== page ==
The photo attached to the message was a bit fuzzy, but three features stood out: a fairly short tail, small ears and eyes, and a relatively blunt face.


The answer wasn’t as simple as that, however: there are more native species of voles in Oregon than there are native species of mice.

Coos County, for example, can claim only three or four native species mice: white-footed deer mouse, Pacific jumping mouse and western jumping mouse (and jumping mice aren’t true mice), and perhaps piñon mouse in the far southeast corner of the county.

But Coos County can claim about six native species of voles. An additional seven voles can be found at least some places in Oregon that aren’t found here. Voles are placed in two closely related groups: tree voles and meadow voles.

Although they’ve been known to eat already-dead animals, voles are vegetarians, feeding on leaves, twigs, fruit, roots, bulbs and seeds. Some voles will gnaw the bark off small trees and shrubs, girdling them and perhaps killing them.

Tree voles (genera Phenacomys and Myodes) favor mature forests. White-footed voles are an uncommon vole that usually lives in riparian areas in conifer forests. Western red-backed voles burrow just under the surface of the forest floor, eating primarily the fruiting bodies of fungi — truffles, for example. In so doing, western red-backed voles spread the spores of the fungi, which are vital partners for the trees. Red tree voles live high in conifers and eat only conifer needles, meticulously stripping off the outer edges with the resin ducts. An important prey in old-growth forests, red tree voles are a substantial food for spotted owls and short-tailed weasels.

Meadow voles (here, genus Microtus) favor fields and marshes and thickets, usually cutting runway systems in the grasses and, sometimes, into the surface of the soil. Creeping (or Oregon) voles usually live in areas of coniferous forests with heavy underbrush, but here on the coast, they can also live in meadows at the edge of the forest. Long-tailed voles live in the edges between meadow and forest and in the riparian areas in forests and thickets; long-tailed voles don’t construct extensive runways. Townsend’s voles avoid the forest, living in wet meadows and marshy areas — not surprising that they are a good food source for great blue herons. (Another meadow vole, California vole, lives in a few coastal Curry County areas.)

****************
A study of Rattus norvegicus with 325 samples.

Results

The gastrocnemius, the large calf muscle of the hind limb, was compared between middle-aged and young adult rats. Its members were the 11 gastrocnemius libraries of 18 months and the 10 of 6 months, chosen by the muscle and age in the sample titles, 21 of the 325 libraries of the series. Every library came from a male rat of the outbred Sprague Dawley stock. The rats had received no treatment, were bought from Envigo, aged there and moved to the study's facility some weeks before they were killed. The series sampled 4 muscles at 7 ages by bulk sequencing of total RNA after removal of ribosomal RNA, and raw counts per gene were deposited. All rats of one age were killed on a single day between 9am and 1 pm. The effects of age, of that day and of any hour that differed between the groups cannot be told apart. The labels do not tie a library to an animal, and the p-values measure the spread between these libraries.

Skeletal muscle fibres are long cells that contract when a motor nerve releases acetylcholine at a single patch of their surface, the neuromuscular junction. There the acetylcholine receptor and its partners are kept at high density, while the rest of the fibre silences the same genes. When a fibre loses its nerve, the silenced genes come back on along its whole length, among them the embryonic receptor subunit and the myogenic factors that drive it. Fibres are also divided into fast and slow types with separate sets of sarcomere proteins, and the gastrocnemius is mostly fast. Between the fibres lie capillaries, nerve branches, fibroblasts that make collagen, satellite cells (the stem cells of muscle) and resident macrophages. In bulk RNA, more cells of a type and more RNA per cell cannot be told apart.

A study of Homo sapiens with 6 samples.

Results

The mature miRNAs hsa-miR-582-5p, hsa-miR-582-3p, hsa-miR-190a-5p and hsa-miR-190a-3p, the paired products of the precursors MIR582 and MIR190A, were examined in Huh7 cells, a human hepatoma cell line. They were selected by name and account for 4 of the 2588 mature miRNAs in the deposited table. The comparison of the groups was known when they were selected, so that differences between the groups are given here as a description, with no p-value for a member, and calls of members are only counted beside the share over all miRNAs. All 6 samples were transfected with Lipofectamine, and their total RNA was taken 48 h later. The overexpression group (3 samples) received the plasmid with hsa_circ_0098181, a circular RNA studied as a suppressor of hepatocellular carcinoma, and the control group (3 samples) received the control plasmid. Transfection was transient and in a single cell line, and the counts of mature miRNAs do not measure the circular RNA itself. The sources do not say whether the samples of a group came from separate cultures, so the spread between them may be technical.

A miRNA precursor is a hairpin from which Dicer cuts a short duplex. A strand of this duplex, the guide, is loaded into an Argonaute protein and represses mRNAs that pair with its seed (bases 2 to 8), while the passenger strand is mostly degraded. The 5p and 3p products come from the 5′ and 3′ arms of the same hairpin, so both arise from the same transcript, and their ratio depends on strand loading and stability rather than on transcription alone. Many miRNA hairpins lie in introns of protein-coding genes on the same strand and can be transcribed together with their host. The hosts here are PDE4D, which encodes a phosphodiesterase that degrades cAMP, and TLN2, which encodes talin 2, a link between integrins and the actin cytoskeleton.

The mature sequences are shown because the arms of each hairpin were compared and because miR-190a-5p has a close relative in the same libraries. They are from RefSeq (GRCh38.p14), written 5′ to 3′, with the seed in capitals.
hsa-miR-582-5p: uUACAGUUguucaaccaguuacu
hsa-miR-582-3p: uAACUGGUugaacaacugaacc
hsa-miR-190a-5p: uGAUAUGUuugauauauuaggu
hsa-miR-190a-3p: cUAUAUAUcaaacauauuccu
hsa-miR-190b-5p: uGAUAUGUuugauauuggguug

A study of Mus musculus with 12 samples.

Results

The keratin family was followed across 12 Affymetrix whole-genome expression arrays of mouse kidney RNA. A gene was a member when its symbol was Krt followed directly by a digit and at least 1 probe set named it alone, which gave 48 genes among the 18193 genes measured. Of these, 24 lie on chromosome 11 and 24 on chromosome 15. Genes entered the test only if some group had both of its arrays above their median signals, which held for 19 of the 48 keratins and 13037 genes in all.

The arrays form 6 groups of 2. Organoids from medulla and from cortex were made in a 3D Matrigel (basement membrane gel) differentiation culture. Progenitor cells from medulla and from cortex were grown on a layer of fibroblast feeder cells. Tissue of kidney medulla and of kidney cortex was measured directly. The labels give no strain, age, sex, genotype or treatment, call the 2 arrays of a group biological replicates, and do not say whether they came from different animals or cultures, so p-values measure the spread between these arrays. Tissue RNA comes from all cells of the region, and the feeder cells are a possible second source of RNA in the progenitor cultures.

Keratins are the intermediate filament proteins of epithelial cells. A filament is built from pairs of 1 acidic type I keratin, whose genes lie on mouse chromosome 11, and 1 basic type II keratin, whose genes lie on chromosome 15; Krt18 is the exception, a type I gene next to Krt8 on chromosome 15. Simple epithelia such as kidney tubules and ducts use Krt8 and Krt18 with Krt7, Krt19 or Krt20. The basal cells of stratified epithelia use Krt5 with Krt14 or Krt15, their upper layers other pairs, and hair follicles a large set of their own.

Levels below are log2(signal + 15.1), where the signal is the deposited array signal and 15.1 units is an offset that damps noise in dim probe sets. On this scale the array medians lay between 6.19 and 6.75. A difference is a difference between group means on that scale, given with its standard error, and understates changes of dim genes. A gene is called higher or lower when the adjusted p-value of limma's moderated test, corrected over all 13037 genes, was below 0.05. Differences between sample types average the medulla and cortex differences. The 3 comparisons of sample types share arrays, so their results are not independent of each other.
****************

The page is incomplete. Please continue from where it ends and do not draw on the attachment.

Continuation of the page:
Part of the vole/mouse confusion is due to meadow voles sometimes being called “meadow mice.” Mice, however, are in a different group of small rodents, and they tend to have longer tails (usually hairless), larger ears and larger eyes, and longer, more pointed faces. Too, mice are much more likely to enter people’s homes.

Despite the rhyming names, moles are quite different from voles. Not rodents, but in a different group of mammals, moles are carnivores with formidable broad front feet that they use for tunneling underground in search of worms, grubs, and other invertebrates. Shrews are very active relatives of moles that hunt along the surface or through or just under the litter/duff on the ground.

Of course, there are other rodents here in addition to voles and mice, including gophers, chipmunks and squirrels. Rodents in general tend to breed rapidly — helpful since they’re common and favored menu items for most of our land carnivores. Hawks and owls, herons, snakes, coyotes and foxes, bobcats and cougars, are all key consumers of rodents.

The image was a little too fuzzy to tell from appearance which of the several vole possibilities this rodent was, but as usual, the habitat played a big role in the identification. Since it was found on a concrete walkway along a human-maintained meadow (lawn) near the edge of a mature coniferous forest, I guess “creeping vole” from the range of choices.

You can arrange a personal exploration of our fascinating natural history with Wavecrest Discoveries by contacting Marty at 541-267-4027,, or Questions and comments about local natural history are welcome.